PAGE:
On view through 3 Jan 2021 at Astrup Fearnley Museet, "Antibodies" is the latest solo museum exhibition of artist Josh Kline (American, b. 1979, lives and works in New York) addressing the precariousness of life and works in a predatory neoliberal society.
In the exhibition “Antibodies” at the Astrup Fearnley Museet, New York-based artist Josh Kline presents cycles of works from the past nine years. This survey brings together concerns that the artist has explored throughout his career, from the climate crisis to the evolution of material and immaterial labor under a profit-obsessed socio-political ideology. Under the current circumstances of a world-wide pandemic and a resulting recession, the exhibition feels extremely relevant, even urgent: it seems to unfold as a fever dream emerging from a collective subconsciousness that anxiously taps in the crude reality of a not-so-distant future.
For instance, the body of work “Unemployment” (2016), originally presented at 47 Canal in New York, has proven to be a fairly accurate forecast of our present moment. The press release, written by the artist, reads as a statement from the future: “Another American presidential election is scheduled for Fall 2031. Baggy skater pants are back in style in the suburbs. And increasingly, intelligent software has turned out the lights on a hundred million jobs.” I’m not sure about the baggy skater pants being back in style—we may have to wait eleven more years for that—but as I write this, the US is nervously awaiting the results of an upcoming presidential election, and the country is already seven months into the COVID-19 recession, which is predicted to be far worse than the downturn that followed the 2008 global financial crisis. While the recent unemployment rate has been the highest since the Great Depression, however, the pandemic has seen companies like Amazon register their largest profits ever. As a business formed around perfecting data collection, surveillance, and analytics, Amazon is one of many corporations holding its standards of productivity for its employees to those of robots, using the same tools of surveillance to cut inefficiency in workflows through strategies ranging from monitoring bathroom breaks to busting unions.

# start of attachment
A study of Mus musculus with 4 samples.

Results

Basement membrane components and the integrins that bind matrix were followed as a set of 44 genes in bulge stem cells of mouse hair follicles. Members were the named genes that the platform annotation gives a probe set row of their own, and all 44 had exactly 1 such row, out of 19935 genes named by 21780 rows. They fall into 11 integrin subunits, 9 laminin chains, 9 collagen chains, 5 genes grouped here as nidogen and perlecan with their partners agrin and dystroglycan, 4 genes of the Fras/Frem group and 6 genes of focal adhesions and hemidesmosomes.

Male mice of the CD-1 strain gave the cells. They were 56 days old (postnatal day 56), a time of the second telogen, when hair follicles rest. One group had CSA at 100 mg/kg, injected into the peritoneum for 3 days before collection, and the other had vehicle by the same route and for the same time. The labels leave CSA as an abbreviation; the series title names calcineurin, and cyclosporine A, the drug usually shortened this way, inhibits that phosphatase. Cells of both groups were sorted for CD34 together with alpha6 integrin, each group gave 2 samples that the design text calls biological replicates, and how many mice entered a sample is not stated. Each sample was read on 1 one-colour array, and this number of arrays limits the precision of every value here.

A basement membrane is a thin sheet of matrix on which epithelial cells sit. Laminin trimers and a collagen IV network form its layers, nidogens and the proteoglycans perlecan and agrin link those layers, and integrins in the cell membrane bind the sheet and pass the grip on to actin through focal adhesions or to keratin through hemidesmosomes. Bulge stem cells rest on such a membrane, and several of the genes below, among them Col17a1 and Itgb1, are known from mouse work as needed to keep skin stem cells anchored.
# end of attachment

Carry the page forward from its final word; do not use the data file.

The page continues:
In this sense, we find an uncanny prediction in Kline’s 2016 installation Contagious Unemployment, which quite literally takes the form of a virus to depict the spread of unemployment in the age of extreme automation. Dimly lit glass-blown objects shaped like spores hang suspended from the ceiling, seemingly floating in a dark antechamber. Each is large enough to encapsulate within it a cardboard box filled with objects (family photos, coffee mugs, high heels, notebooks)—the classic American symbol of the lay-off. This is a reality highlighted by COVID-19: masses of people living precariously, exploited, overworked, underpaid, at risk of becoming becoming disposable, while automated surveillance dangerously confuses essential human qualities with inefficiency, to the point that it becomes unsustainable or, ironically, unproductive for people to work under these conditions. Some of Kline’s most well-known sculptures, also on view in “Antibodies,” depict 3D-printed detached body parts, copies of the actual workers that he interviewed at the time, placed in different contexts telling of each person’s story. Another group of 3D-printed figures depicts middle-aged professionals lying on the ground in fetal position, wrapped in plastic bags, as if ready to be disposed of.
Kline’s practice highlights the collective responsibility that we have in relation to the future, an idea made obvious in one of his most recent exhibitions, “Climate Change: Part One” (2019). The show is designed as a built-in spatial installation, with a series of rooms connected through custom-made doors that act as metaphorical borders. The rooms, lined with tarp, contain vitrines with miniature cities submerged under melting icebergs. In this representation of the future, everything melts away, with nations and natural elements alike actively eroding to the point of deterioration. Although Kline’s work plays heavily on figuration and symbolism, his vivid presentations ensure that the complexity and clarity of his ideas never get lost.
The dark potential futures that unfold throughout “Antibodies” are the violent but logical consequences of our current broken systems. If the climate crisis can be perceived as the Earth’s antibody to humanity’s damaging impact, we understand that we carry the virus: our profit-driven ideology is the maladaptation. By unfolding these dire—and imminent—outcomes, Kline’s practice leaves very little room for optimism, but it manages, at least, to put things in perspective.